Alberto Lunga is mourning the death of his uncle, who was trampled by an elephant on March 1 in Dingani village, a remote community 450 kilometers northwest of Zimbabwe’s capital Harare.
On the day, a herd of elephants got into the maize fields and damaged crops within a few minutes, prompting villagers to come out to scare them away.
“An agitated bull charged towards me and my uncle and we ran for our lives, however the elephant caught up with my uncle who was running slowly.
“The elephant hooked him with its trunk and threw him onto the tarred road two meters away. A speeding car was just passing at that moment and it hit my uncle, killing him on the spot,” Lunga narrated.
The elephant still went on to crash the lifeless body until it was tired, he said.
In a separate incident, Thomas Mupusa, 43, an employee of Zimbabwe National Railway (ZNR), was mauled by lions on May 5.
In Malonga village, which is very close to Dingani village, a baby dropped from her mother’s back was picked by some marauding lions. The mother was protecting her livestock in a farm.
“By the time help came the baby had died,” said Naison Shoko, a villager in Malonga.
Shoko added that the villages are on the boundary of Hwange National Park and are only separated by a tarred road.
Deaths and injuries due to wildlife attacks have been reported from areas close to Hwange National Park, Kariba town, Save Conservancy and Gonarezhou National Park.
Zimbabwe’s wildlife conservancies occupy 16% of the country’s total land since the wildlife population has increased exponentially.
Police issued a warning to the general public to be cautious after a truck driver was attacked by a lion in Kariba on May 26.
“A truck driver is receiving treatment at a local hospital after he was attacked by an elephant […] We urge members of the public to be observant to avoid attacks by wild animals,” said a statement issued by the police.
According to the police, wild animals have killed at least 24 people and injured 21 others in Zimbabwe since the start of this year.
Elephants, lions, buffalos, hippos, leopards and rhinos are said to be most dangerous animals in Zimbabwe.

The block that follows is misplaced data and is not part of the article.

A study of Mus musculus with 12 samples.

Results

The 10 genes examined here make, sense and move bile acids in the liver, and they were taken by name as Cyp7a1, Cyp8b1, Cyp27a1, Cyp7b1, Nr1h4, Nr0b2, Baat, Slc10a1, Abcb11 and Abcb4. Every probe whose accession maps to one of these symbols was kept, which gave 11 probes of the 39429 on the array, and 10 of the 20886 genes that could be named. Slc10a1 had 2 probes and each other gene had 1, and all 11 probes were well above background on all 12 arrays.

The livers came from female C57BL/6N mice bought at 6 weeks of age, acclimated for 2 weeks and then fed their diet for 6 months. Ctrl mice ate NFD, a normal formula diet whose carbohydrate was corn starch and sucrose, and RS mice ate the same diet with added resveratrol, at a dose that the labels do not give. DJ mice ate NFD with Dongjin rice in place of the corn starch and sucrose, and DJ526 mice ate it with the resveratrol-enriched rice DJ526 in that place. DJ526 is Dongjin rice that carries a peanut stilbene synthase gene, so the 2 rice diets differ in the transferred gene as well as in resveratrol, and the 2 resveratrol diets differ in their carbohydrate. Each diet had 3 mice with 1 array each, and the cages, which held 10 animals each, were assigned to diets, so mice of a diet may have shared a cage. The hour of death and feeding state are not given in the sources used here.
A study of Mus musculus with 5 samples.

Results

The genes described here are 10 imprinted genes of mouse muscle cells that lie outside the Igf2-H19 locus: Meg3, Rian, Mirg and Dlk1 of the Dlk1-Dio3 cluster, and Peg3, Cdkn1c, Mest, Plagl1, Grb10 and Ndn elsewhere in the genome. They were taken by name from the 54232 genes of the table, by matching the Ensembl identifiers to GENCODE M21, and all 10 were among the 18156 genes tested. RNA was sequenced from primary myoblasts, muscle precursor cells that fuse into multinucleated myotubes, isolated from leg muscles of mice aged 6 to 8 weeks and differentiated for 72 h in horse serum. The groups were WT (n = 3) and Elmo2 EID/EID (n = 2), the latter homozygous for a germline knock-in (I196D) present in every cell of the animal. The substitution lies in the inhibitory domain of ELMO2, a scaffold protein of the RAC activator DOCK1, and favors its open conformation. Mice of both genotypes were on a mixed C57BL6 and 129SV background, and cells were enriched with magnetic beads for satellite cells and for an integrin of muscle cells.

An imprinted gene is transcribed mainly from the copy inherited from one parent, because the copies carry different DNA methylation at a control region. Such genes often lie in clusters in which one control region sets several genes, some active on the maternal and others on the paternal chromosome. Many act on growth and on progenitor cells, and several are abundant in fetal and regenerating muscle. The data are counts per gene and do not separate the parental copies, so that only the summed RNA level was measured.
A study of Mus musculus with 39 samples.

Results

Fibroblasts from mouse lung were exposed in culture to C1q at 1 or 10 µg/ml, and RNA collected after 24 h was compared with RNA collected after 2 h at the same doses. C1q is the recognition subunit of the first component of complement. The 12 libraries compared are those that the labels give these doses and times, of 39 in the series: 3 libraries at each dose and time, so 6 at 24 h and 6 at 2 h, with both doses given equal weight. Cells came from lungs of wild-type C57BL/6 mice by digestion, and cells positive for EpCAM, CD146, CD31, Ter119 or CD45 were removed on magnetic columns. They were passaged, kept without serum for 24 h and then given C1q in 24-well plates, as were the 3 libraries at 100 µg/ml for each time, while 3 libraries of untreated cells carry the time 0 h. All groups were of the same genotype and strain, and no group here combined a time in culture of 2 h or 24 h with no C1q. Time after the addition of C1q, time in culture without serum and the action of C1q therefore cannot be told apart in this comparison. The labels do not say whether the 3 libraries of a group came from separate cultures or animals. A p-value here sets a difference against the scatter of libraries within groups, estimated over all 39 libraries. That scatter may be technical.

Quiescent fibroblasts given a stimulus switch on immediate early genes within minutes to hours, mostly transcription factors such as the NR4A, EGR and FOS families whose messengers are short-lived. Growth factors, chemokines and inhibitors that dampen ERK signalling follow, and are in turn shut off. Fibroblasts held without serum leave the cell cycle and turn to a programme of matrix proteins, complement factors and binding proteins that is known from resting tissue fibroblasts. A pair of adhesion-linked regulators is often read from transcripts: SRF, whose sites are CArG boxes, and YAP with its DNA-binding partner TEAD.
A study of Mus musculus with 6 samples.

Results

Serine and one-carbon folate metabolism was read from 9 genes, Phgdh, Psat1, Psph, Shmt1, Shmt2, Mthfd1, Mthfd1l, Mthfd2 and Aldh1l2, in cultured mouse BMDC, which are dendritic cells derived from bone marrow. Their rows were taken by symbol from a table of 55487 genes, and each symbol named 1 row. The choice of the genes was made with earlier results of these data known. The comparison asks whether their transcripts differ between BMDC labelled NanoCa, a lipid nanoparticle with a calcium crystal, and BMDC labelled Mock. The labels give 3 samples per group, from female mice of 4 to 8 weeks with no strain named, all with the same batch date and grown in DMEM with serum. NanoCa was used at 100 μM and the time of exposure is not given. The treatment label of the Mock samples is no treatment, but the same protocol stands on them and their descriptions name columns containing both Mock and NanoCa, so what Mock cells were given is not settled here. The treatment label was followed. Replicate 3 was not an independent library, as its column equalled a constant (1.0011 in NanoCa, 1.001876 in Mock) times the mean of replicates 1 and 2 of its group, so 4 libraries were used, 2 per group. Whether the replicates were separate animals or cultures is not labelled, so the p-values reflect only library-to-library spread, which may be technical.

The figures show that wild animals have killed more people in Zimbabwe than the novel coronavirus. The country has so far reported only four deaths from COVID-19.
Causes of human-wildlife conflict
According to the Zimbabwe Parks and Wildlife Management Authority, resource competition between growing human and wildlife populations is a major cause of the conflict.
Human-wildlife conflict refers to any human and wildlife interaction, which results in a negative impact on humans, their environment and wildlife conservation.
Carnivores also attack or kill livestock and humans, while herbivores raid crops leading to a conflict with humans as they protect their belongings.
Tinashe Farawo, the spokesman of Zimbabwe Parks and Wildlife Management Authority, described the situation as “dire” owing to the population growth.
“The population of our animals has increased at least 20 folds, while the population of humans has increased about 15 folds since 1980.
“Our land is not expanding, hence, there is some growing competition for resources leading to the loss of lives,” Farawo explained.
“We are very worried that we have recorded more deaths and injuries this year compared to the previous years, before we get into the dry season when more attacks are experienced,” he said.
Owing to population growth, humans are now encroaching into the wildlife territories, some have destroyed security infrastructure within the national game reserves hence animals can now stray into villages easily.
Zimbabwe decided to sell or cull part of its national herd of elephants, drawing resistance from animal rights activists.
In August last year, the Geneva-based Convention on International Trade in Endangered Species (CITES) denied Zimbabwe, together with its neighbors Botswana and Namibia, an opportunity to sell wildlife animals.
Noting the rise of the human-wildlife conflict, several communities near game reserves have formed conservation committees aimed at raising awareness amongst villagers as well as informing authorities of community challenges.
In Dete, near Hwange National Park, a group of young Zimbabweans formed a community awareness group called, Tikobane Trust.
“Tikobane is a Nambian term that means ‘let’s share.’ We are saying let’s share our natural resources in order for people to be able to live with wildlife in harmony,” Ndlelende Ncube, the founder and director of the trust, said.
Tikobane is engaging communities near wildlife sanctuaries.
“Some of our people don’t know how to protect their crops and livestock. So we teach them how to do that […] it is our duty to train them on that too,” Ndlelende said.
From the inception of Tikobane in 2018 there has been a decline of deaths in the surroundings of Hwange National Parks.
“However this year the cases have increased and we are worried,” Ncube said.